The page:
A former competitive gamer, who is also a researcher in neurophysiology, wants to figure out what makes the best League of Legends players tick, and how to develop the training programs that produce champions.
In a developer blog on Gamasutra, Dr. Amine N. Issa, a specialist in Biomedical Engineering and Physiology and currently a researcher at the Mayo Clinic, talks about his experience with professional gaming and how it inspired his desire to understand what makes one player a successful esports competitor, where another player fails to achieve their goals.
Sport science is the study of how the human body performs during exercise, and defining the benefits of that exercise. Professional athletes can tap into the wealth of knowledge uncovered by sport science to more efficiently and appropriately train themselves for the competitive task at hand.
Issa is a former competitive World of Warcraft player, under the banner of Team Fnatic, where he went under the nickname “Uthgar.” He stopped gaming professionally, but never lost interest in his desire to figure out how he could have become a better player. And now he’s interested in whether the research methods of sport science could answer his question.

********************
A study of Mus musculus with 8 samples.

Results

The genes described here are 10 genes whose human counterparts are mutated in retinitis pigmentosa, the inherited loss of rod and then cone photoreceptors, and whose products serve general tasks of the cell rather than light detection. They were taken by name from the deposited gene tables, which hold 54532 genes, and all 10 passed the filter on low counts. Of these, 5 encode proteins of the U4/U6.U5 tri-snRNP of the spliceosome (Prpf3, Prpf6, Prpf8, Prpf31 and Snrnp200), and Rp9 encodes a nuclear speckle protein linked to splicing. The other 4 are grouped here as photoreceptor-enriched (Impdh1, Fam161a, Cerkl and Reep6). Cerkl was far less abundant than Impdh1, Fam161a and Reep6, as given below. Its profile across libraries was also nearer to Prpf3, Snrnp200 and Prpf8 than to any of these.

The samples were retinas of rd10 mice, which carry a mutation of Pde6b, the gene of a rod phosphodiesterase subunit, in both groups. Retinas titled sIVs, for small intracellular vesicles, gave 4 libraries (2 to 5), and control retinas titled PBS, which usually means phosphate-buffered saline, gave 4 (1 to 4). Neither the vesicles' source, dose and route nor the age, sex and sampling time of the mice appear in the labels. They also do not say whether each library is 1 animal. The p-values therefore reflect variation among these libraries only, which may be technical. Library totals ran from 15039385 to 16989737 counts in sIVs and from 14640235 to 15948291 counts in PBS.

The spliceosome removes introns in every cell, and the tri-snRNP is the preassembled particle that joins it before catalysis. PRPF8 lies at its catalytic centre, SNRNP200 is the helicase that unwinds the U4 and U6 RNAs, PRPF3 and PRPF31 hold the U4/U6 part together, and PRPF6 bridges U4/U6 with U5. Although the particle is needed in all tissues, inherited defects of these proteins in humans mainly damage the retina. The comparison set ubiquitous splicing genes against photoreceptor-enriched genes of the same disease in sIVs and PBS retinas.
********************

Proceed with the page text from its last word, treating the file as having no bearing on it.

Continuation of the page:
In August, Issa appeared in an episode of “Alienware LoL Lessons with Saint,” and discussed the advantages that define the best League competitors.
In his preliminary research, Issa used simple hand-eye coordination tests, and eye-tracking devices and biometric shirts, to measure the importance of physical and mental performance respectively in terms of what distinguished successful LoL players from the rest. Issa sums up the results of his preliminary research in the developer blog on Gamasutra.
“Contrary to the popular belief, in League of Legends mechanical skill is likely not the differentiation factor between great players. As believed by many higher level players, decision making and confidence under stress are paramount to optimal performance,” Issa wrote.
Of all the arbitrary strictures placed around the growth of esports, the idea that esports players are not athletes is one of the largest. It’s difficult sometimes, even for the most hardcore gamer, to think of an esports competitor as an “athlete” when the traditional definition of that term is hung on competitors from traditional sports.
If the precepts of sport science can be applied to esports and lead to better training regimens with demonstrable results, however, that could be an important step in making a case for why esports competitors are athletes, just of a different sort.